Maritime Security

Karen Schaefer: On September 11, about 55 commercial U.S. and foreign freighters were cruising the Great Lakes and the St. Lawrence Seaway. Even as the nation's airports were being closed, U.S. Coast Guard officials were ordered to stop and search those vessels. It took two days for the search to be completed. Commander James Hull heads the Coast Guard's 9th District, which oversees shipping in the Great Lakes region. He says that action alerted the Guard to a serious problem.

James Hull: There were about 55 ships on the Great Lakes and we didin't know where they were. Somebody knew where they were. But AIS, automated information systems, those are important.

KS: AIS or Automatic Identification System is a new communications protocol now being developed by the International Maritime Organization. Using a global positioning system, ships equipped with AIS will be able to transmit their exact location - and identity - to other vessels and maritime authorities. But so far, the system hasn't been widely adopted. And that's just the first security risk the Coast Guard discovered.

JH: We had people come to our Marine Safety offices, asking how could they drive big ships, how do they get licensed, where do you do it? Luckily somebody xeoroxed one of their forms. Again, the FBI continues to investigate that case.

KS: As the weeks went by, the list of vulnerable areas grew. Nuclear power plants, ports and harbors, bridges, tunnels, and locks. Ships carrying hazardous cargo and those from countries with known terrorist links. And then there are the thousands of cargo containers shipped daily from ports around the world.

2,700 reservists were called up to assist the Coast Guard in patroling and monitoring sensitive areas. The federal government allocated more than $220 million in additional funds. But four months after the terrorist attacks, more than 50% of the Coast Guard's efforts are still being spent on security. The Guard's original mission - to guide maritime operations, assist in search and rescue, and help clean up environmental problems - has been largely overshadowed.

Henk Van Unick: What we need is cooperation at world level to give security a real meaning.

KS: The U.S. isn't the only country facing issues of maritime security. Henk Van Unick is superintendent of port police for the city of Rotterdam in the Netherlands, one of the busiest ports in the world. When he took over security in 1995, he says he found no real standards existed.

HVU: Because security is a subject maritime business persons do not like to listen to. It costs money and therefore is less interesting to satisfy the shareholders.

KS: Dr. Steven Flynn would agree. A former Coast Guard Commander, Dr. Flynn is now a Senior Fellow with the National Security Studies Program at the Council on Foreign Relations in New York City.

Steven Flynn: Well, after September 11, we did what no nation could do to a great super-power. The United States, in an effort to make itself feel more secure, imposed a blockade on our its economy. But we turned the switch back on.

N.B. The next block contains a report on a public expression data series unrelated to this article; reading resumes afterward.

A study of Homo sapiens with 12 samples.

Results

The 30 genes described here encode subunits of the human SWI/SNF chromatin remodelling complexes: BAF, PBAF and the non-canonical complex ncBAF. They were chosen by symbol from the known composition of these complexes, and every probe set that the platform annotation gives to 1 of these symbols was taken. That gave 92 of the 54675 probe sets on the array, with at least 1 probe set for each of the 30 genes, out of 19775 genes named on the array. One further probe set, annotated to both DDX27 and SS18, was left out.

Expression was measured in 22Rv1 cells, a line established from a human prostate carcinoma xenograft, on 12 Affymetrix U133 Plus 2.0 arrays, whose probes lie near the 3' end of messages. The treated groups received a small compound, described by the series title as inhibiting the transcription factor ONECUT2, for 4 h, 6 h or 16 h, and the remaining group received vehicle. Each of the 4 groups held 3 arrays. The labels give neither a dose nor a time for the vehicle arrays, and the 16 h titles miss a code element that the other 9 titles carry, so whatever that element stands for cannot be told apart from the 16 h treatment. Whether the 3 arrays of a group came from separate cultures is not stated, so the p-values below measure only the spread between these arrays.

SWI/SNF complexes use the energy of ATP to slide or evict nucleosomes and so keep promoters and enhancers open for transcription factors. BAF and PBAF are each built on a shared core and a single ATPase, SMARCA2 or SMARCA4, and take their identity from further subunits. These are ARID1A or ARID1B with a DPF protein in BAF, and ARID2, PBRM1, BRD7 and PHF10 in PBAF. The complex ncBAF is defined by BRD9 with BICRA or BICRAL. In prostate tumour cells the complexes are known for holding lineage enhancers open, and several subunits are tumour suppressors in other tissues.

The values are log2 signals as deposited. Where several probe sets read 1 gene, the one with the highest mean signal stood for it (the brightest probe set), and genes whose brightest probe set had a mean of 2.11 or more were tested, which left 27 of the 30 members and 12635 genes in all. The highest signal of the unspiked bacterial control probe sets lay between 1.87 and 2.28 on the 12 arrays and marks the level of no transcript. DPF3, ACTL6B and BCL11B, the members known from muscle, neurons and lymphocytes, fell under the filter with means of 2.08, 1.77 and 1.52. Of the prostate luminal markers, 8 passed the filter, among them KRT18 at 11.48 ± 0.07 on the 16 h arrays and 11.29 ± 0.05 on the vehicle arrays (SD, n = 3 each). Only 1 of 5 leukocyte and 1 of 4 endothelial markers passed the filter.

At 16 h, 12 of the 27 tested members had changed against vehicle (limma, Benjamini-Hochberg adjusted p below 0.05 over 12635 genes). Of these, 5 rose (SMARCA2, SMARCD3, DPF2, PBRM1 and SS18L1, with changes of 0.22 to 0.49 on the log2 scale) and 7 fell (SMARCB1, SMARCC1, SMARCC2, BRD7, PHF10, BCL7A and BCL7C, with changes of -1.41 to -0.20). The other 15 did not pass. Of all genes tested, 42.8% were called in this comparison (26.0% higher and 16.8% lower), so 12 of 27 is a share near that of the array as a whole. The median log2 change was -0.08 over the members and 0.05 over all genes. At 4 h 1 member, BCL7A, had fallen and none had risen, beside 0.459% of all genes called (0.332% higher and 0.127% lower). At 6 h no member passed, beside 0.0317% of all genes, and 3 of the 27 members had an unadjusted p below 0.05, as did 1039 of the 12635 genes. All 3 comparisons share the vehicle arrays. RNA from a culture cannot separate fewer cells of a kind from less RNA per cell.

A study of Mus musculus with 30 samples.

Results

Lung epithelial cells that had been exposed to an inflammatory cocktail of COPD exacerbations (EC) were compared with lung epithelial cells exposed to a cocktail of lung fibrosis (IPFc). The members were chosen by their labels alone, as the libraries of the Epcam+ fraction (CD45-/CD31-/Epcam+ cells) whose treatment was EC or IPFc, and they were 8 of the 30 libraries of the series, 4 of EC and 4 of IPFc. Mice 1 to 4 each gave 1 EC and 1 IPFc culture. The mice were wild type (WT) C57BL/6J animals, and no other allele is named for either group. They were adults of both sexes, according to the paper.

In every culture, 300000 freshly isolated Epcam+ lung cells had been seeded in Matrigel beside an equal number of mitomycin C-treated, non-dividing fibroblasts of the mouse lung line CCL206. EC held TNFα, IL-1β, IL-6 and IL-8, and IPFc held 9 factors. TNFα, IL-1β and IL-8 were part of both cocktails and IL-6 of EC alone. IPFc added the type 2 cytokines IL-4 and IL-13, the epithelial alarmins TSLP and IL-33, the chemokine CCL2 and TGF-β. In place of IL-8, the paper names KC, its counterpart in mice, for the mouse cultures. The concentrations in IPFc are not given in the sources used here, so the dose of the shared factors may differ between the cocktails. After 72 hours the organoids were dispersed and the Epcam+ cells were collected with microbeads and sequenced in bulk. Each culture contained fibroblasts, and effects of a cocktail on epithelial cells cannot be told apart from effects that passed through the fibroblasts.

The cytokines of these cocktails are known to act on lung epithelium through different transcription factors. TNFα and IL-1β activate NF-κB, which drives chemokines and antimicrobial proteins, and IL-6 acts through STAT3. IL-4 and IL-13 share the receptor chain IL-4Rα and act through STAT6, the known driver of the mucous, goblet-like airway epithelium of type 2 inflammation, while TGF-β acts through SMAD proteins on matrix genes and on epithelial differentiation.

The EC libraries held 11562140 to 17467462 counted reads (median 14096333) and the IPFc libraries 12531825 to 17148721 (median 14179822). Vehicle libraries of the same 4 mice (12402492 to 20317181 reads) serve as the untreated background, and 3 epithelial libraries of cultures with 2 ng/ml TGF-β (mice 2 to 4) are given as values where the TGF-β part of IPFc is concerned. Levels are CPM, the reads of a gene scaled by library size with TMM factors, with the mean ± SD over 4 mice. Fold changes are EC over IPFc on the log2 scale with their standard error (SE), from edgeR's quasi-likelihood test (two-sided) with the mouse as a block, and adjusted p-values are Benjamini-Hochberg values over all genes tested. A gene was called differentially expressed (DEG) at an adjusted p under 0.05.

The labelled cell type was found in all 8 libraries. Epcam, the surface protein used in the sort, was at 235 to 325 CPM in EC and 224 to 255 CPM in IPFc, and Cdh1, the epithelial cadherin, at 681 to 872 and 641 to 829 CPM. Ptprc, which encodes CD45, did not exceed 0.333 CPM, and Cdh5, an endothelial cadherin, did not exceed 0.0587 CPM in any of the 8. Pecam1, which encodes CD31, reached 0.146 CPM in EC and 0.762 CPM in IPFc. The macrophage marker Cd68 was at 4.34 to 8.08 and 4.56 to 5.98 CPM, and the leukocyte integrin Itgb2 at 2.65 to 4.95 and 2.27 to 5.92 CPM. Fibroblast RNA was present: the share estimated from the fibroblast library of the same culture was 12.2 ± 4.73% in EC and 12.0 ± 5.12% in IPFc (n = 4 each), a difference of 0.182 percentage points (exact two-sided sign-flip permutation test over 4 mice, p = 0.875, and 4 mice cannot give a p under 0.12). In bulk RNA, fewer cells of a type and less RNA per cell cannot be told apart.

KS: That blockade is worth more than $742 billion a year to the U.S. economy. Most of those goods and raw materials enter or leave the Great Lakes in bulk shipments and in containers that are off-loaded directly from ships. Flynn says a disruption to Great Lakes shipping could have wide-reaching consequences for the entire U.S.

SF: And so if we have another incident - and I think the President last night made that case as well, that we're still extremely vulnerable, we're still not out of the woods on this here - that if it happens in those sectors, my fear is not just the consequence of seeing another sight like I saw on September 16 after the attack, but also is the disruption that would come from happening within those sectors.

KS: Those disruptions could also severely hamper the Canadian economy, which ships much of its grain and steel through the Great Lakes. As the U.S.'s largest trading partner and nearest neighbor, Canada already shares jurisdiction over Great Lakes resources through the International Joint Commission. Now government officials on both sides of the border say it's more important than ever to work together.

John Adams: Because it's absolutely essential, in our opinion, that we be in lockstep that regard. Because we do share the longest and largest freshwater system in the world and we share two oceans.

KS: John Adams is the Canadian Coast Guard Commissioner. He says the U.S. and Canada have recently signed a 30-point plan to jointly improve security on the Great Lakes, while allowing trade to flourish. Both governments have already instituted new 96-hour arrival notification requirements for vessels coming into North American ports. And they've extended the international maritime borders from three miles to 12. But there are plenty of other new security plans yet to be adopted, ranging from identity cards and background checks to a point-of-origin system for clearing container cargo. And both countries will be sending representatives to the International Maritime Organization conference in London next month, where organizers hope to move ahead with new standardized strategies to keep global trade secure. In Cleveland, Karen Schaefer, 90.3 WCPN News.